GST- Pros and Cons of Electricity Inclusion

Why should electricity be brought in GST

1. Multiplicity of rates

  • Currently, there is a confusing number of electricity taxes that vary by states and across user categories (lower tax rates for consumers and high for industrial users).
  • Taxes levied by the states thus vary from 0% to 25%.
  • The current situation imposes large costs that seriously undermine the government’s Make in India initiative.

 

2. Higher cost of electricity making manufacturing costlier:

  • The most serious problem is that costs to industrial users of electricity are higher because they include the taxes on inputs that have gone into the supply of electricity.
  • These include taxes on raw materials (coal, renewables) and other equipment (solar panels and batteries).
  • Not being part of the GST means that input-tax credit can not be claimed.
  • This results in input taxes getting embedded in the final price.
  • This, along with the cross-subsidisation of domestic and agricultural users, total up to increased costs and lower margins of between 1-3% for several industries.

Hurts domestic manufacturers:

  • This embedding of taxes hurts manufacturers selling to the domestic market.
  • For the textile industry, for example, these embedded taxes amount to about 2% of the price.

Hurts exporters even more:

  • In particular, they hurt exporters of electricity-intensive products because they are not liable to any duty drawback—relief for taxes embedded in exports.
  • 1-3% increased costs for manufacturers are significant especially for exporters who face ferocious international competition and where a 1% extra cost could be fatal.

3. Will remove current bias in GST towards renewables:

  • Currently, there is a large bias in favour of renewables in GST policy.
  • Inputs to renewables generation attract a GST rate of 5% while inputs to thermal generation attract higher rates of 18%.

GST in not the tool to support renewables:

  • Support for renewables should be direct, conscious, and transparent.
  • GST should not become the instrument for adding (non-transparently) to that support.
  • Supporting renewables might be conscious policy (and also good policy), but currently subsidisation is proliferating across many policies, making it difficult to quantify the overall support.

Electricity in GST will level the field:

  • If electricity were to be included in GST, then there would be no discrimination between renewables and thermal energy. This is because all inputs going into both forms of electricity generation would receive tax credits.
  • GST would then become neutral between different forms of electricity generation as good tax policy should be.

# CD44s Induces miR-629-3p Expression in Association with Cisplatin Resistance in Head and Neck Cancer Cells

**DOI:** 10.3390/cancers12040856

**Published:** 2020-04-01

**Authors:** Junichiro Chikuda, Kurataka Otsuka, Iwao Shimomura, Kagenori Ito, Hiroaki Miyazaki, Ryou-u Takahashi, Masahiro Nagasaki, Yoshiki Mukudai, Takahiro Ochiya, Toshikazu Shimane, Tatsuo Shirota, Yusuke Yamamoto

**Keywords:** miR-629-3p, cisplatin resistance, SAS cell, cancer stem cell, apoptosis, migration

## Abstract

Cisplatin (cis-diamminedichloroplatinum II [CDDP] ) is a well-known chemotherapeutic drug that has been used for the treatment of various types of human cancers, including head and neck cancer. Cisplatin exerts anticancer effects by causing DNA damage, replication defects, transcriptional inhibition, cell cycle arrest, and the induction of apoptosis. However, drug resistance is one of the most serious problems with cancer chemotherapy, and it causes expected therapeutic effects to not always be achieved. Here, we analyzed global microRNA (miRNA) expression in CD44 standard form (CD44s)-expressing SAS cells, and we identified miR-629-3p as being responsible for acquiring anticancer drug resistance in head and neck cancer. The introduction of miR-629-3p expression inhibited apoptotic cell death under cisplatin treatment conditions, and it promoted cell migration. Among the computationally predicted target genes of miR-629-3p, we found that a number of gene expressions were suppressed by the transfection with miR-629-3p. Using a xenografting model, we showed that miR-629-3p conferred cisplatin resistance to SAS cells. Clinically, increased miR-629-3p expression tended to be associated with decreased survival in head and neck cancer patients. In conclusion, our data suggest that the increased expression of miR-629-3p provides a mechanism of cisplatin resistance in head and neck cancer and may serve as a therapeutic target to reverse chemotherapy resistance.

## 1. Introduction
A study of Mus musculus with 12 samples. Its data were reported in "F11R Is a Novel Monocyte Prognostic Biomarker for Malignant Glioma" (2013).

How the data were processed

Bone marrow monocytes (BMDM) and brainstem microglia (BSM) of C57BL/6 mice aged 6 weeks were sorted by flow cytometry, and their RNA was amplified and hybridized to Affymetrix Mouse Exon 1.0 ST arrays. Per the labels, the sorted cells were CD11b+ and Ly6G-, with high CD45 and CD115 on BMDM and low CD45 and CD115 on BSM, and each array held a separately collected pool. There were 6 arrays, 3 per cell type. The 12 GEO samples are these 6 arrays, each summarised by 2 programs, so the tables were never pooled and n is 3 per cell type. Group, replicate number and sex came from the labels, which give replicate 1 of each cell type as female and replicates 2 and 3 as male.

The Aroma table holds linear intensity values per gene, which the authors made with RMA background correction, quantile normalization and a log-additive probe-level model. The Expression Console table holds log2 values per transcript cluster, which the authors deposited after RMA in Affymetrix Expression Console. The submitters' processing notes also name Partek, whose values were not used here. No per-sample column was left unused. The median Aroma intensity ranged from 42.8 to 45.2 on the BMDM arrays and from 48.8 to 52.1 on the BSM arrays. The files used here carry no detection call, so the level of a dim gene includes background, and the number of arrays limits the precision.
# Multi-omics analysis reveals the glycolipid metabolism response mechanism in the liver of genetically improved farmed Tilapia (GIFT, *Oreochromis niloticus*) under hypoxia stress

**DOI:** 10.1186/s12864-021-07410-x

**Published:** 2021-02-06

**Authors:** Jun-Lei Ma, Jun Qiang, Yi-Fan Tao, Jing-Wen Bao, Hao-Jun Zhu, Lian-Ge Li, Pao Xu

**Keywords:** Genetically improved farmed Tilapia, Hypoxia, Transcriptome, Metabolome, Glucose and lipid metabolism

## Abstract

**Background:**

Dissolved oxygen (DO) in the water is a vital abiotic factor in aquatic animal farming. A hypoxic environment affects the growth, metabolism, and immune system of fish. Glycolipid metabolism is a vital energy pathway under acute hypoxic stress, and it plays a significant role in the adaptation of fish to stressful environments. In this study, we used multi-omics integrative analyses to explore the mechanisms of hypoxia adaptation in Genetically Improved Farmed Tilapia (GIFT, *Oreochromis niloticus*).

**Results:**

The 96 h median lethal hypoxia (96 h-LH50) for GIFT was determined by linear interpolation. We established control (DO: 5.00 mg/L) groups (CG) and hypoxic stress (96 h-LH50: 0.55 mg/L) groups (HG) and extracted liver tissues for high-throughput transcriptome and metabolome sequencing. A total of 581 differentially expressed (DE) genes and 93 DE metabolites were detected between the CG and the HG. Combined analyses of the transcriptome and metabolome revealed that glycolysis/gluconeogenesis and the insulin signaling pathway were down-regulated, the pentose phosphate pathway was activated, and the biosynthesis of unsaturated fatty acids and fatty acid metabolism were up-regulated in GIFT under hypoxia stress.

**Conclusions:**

• Thus, the case for including electricity in the GST is compelling.

Won’t be easy to get electricity in GST

It would lead to losses for both Centre and especially States:

  • As explained above, including electricity in the GST would reduce or eliminate embedded taxes in electricity-using products.
  • That means that both the central and state governments would lose revenues from these products.
  • In addition, state governments would lose taxes from electricity use itself.

States would be reluctant to lose taxes on electricity:

  • Taxes on electricity is an important source of revenue for the states, amounting to about Rs. 31,000 crore for all the states combined.
  • On average, electricity taxes account for about 3% of own tax revenues of the states, going up to close to 9% in other states.
  • States are therefore reluctant to give up the right to levy these taxes.

What can be done to make it possible to include electricity in GST

1. Centre and States share the burden in light of benefits:

The Centre and the states can bear the losses of the embedded taxes since the benefits would also be shared.

The Centre would then compensate the states only for the direct loss of revenues.

2. Allow state governments to impose a small non-GST able cess:

Tax (about 5%) could be imposed on electricity in the GST—allowing inputs tax credits to flow through the GST pipeline.

To compensate for loss of revenue, the state governments may be allowed to impose a small non-GST able cess on top of the GST rate.

In this case, however, the greater the cess, the more it would resemble situation as is now, with all its problems. So, this half-way solution must come with some limits on state governments’ freedom to levy further taxes on electricity.

Summary of benefits of electricity in GST:

In sum, there are four clear benefits from bringing electricity into the GST:

  1. Reducing the costs for manufacturing
  2. Improving the competitiveness of exporters
  3. Reducing the cross-subsidisation of electricity tariffs that further undermines the competitiveness of manufacturers and exporters
  4. Eliminating the large biases—and hence restoring neutrality of incentives—in electricity generation

Conclusion:

There would be costs in terms of foregone revenues but the benefits would be large and states could be partially or fully compensated. Indian manufacturing is saddled with costs. Efficient GST policy should aim to reduce them.